4 Sessions : Jan 5, 12, 19 & 26, 2020 : 5pm-7pm
In this digital course, students will learn how to reproduce an exquisite late 1870s silk satin
corset (the “Fenway” corset) from the collections of the Boston Museum of Fine Arts.
Based on hands-on study of the extant corset in the museum’s collections and months of
extensive experimentation, this course will cover every aspect of this corset’s composition and
construction, from choosing materials all the way to finishing techniques. Students will first
learn to draft a custom pattern based on their body measurements and then how to construct
and embellish their own historically accurate 1870s Fenway corset. Along the way we’ll also
take a deep dive into the fabric and structural materials of the original corset and explore the
best options available today.
Learn at your own pace
Students will be able to access all of the instruction materials at the start of the course and will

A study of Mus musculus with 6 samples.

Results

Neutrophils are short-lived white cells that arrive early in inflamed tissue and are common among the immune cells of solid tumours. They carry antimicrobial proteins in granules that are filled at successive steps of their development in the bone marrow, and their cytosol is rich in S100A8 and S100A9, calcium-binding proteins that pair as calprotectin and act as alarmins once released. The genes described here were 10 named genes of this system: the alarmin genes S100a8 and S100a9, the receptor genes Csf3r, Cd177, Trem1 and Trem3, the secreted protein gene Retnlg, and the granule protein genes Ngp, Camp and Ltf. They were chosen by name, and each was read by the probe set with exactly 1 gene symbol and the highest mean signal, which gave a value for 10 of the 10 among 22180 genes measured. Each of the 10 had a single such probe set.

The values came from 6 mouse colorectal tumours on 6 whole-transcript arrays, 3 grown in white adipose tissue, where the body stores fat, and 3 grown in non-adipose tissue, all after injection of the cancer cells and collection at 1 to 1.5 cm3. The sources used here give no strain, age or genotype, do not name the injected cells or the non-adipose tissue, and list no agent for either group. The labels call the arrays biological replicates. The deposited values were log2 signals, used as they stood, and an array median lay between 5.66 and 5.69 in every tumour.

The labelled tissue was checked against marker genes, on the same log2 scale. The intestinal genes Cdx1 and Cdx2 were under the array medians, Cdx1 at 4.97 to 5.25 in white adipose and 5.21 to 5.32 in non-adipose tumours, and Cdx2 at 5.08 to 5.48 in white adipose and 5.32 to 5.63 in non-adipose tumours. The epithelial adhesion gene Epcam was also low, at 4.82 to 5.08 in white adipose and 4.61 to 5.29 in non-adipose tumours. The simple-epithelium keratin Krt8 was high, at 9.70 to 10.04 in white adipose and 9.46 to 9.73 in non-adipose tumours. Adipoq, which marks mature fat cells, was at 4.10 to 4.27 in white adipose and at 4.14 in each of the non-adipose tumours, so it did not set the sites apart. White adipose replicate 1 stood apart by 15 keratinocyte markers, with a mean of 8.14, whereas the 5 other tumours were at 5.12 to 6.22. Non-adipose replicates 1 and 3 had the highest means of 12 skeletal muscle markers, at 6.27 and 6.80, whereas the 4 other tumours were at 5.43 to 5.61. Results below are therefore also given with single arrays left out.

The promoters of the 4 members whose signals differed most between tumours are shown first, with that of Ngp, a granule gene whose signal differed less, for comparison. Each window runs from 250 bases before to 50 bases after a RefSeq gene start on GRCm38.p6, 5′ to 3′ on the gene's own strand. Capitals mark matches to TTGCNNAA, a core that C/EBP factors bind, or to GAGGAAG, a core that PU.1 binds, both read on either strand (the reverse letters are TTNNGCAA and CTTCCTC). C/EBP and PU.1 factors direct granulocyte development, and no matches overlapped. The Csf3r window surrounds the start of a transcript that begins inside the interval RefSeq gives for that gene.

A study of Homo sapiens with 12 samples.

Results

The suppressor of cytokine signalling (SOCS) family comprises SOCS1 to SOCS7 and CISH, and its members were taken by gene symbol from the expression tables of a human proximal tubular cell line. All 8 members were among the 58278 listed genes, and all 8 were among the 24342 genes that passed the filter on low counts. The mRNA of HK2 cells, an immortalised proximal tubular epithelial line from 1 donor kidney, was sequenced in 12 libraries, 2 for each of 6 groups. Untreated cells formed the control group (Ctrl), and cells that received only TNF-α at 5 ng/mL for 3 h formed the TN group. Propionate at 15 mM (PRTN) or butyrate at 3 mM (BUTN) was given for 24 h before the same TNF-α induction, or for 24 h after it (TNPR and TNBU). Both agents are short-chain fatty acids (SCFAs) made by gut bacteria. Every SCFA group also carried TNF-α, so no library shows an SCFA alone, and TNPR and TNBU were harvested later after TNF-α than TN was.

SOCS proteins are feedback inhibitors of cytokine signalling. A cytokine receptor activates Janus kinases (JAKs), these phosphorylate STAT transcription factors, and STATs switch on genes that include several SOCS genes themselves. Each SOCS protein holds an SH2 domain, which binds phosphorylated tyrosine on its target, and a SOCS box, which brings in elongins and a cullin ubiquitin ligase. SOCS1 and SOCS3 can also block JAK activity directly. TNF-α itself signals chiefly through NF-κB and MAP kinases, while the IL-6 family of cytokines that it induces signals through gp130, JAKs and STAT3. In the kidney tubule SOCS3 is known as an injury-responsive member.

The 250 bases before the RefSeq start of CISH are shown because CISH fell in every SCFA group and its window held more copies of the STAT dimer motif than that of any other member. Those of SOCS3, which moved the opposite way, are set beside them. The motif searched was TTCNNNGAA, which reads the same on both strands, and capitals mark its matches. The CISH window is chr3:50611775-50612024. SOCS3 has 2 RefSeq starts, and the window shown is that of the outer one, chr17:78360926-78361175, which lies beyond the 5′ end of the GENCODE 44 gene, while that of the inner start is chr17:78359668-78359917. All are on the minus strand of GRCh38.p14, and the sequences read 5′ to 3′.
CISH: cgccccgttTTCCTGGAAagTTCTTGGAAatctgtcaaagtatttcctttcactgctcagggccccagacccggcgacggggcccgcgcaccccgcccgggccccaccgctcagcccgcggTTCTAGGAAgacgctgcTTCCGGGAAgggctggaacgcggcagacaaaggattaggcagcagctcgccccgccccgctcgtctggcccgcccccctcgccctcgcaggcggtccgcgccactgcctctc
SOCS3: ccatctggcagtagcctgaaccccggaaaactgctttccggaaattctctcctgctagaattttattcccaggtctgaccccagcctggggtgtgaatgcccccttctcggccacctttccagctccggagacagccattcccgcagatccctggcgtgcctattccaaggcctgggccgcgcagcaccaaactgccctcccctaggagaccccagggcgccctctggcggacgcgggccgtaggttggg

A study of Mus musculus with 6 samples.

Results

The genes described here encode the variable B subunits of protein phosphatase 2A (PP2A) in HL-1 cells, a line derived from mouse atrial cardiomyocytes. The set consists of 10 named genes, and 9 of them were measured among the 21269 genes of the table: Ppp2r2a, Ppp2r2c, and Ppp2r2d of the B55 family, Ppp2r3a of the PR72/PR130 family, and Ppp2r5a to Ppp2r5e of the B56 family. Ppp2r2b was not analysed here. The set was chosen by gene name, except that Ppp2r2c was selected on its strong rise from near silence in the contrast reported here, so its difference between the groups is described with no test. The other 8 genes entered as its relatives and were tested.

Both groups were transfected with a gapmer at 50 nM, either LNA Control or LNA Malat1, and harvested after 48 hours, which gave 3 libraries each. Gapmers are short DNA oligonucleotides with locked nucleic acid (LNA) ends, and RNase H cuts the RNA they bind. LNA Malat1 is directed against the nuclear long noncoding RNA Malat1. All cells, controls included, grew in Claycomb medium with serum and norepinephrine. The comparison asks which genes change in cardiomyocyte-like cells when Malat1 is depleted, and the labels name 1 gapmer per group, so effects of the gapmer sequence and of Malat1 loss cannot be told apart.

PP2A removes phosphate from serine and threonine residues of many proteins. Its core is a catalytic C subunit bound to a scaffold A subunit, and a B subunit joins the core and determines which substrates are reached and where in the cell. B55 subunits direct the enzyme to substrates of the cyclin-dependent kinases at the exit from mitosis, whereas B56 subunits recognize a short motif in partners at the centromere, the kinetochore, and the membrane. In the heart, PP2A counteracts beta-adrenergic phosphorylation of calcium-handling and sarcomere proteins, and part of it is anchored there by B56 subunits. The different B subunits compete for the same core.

still be able to view materials after the class is over. The instructor will be holding regular virtual
office hours to answer students’ questions during the scheduled time of the course. He will also
be available to help students with their corsets by appointment for those who are unable to
attend regular office hours.
This course is intended for intermediate and advanced level sewists. Previous experience
making a corset is very helpful, but not required.
About the Instructor : Alexander Chesebro
Alexander Chesebro is a historical costumer and living history interpreter with a specialization in foundation garments. Alexander has created corsets and stays for living history events and private clients across the U.S., including for performers at The Great Dickens Christmas Fair in San Francisco. His design process relies on extensive research examining extant garments in both his personal collection and museum archives in order to produce comfortable foundation garments with period correct silhouettes. Alexander also collects and documents historical textiles, specializing in silk brocades and woolens from the eighteenth and nineteenth centuries.